Lawsuit against Kevin Spacey dismissed by judge after accuser refused to identify themselves
The lawsuit included cooperation from 'Star Trek: Discovery' actor Anthony Rapp
A judge officially dismissed a lawsuit against Kevin Spacey brought on by an anonymous accuser after they failed to disclose their identity to the court.
Fox News can confirm that Judge Lewis Kaplan has officially dismissed the lawsuit brought on by an unnamed accuser known as "C.D." who accused the 61-year-old "House of Cards" actor of sexually abusing him in the 1980s when he was underage.
According to court documents viewed by Fox News, Spacey’s attorneys sought to dismiss the case entirely after the judge ruled on May 3 that C.D. could not move forward with his lawsuit if he remained unwilling to disclose his identity.
C.D. was given 10 days to amend his complaint and include his name. According to the court documents, on the tenth day, he issued a letter informing the court that he would not be disclosing his identity and that he understood the consequences of that decision, leading to the judge to officially dismiss the case Thursday.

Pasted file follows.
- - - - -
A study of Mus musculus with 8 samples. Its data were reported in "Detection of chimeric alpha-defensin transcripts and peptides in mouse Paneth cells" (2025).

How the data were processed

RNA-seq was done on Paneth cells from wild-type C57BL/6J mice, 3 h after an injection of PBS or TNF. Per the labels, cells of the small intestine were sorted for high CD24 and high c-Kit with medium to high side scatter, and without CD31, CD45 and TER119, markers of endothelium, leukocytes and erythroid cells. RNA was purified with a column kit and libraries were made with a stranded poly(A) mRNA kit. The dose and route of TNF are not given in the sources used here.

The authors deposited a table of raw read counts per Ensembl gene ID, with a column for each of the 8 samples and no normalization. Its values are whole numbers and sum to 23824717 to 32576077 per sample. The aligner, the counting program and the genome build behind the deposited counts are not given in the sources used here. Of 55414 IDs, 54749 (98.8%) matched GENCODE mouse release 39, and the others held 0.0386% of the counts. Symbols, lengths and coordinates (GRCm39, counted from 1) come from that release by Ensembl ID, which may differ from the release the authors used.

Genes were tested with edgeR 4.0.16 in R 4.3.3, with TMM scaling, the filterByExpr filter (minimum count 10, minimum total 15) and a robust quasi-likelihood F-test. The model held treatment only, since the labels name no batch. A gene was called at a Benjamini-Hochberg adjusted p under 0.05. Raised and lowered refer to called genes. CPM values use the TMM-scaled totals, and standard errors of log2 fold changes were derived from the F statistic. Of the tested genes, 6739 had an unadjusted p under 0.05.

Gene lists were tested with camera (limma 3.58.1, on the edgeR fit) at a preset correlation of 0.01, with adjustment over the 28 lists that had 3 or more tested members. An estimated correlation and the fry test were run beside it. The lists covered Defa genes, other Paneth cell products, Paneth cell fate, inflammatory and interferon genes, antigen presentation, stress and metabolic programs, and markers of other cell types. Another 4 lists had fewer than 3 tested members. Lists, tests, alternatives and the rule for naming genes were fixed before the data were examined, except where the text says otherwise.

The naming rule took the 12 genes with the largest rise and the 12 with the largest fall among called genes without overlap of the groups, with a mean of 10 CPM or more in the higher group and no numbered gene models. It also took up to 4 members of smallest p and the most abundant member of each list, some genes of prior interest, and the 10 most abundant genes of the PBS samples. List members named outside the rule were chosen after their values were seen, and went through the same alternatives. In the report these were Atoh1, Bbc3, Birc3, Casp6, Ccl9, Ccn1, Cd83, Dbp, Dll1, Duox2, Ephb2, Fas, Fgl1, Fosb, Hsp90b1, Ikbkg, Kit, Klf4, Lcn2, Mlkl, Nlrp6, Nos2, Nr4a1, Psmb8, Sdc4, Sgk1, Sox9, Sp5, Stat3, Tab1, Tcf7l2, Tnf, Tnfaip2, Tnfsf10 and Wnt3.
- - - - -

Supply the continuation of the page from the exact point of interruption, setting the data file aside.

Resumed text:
The man had reportedly met Spacey in the actor's suburban New York acting class before the alleged abuse, according to the lawsuit, which sought more than $40 million in damages.
At the time of his initial ruling on the matter, Kaplan said C.D.’s privacy interest did not outweigh the presumption of open judicial proceedings and the prejudice to Spacey's defense that would occur if he could proceed anonymously. Individuals with information that might support Spacey also would not know to come forward, the judge added at the time.
C.D. since the 1990s had spoken to an unknown number of people about his claims against Spacey and had apparently cooperated for a New York Magazine article that appeared on Vulture in November 2017, Kaplan said.
Kaplan noted that C.D. also recruited for the lawsuit his co-plaintiff, Anthony Rapp, who has appeared in "Rent" on Broadway and in "Star Trek: Discovery" on television. The lawsuit said the older actor made a sexual advance to a teenage Rapp at a 1980s party, allegations he himself detailed in 2017 that kicked off public scrutiny of Spacey's past.
The Associated Press contributed to this report.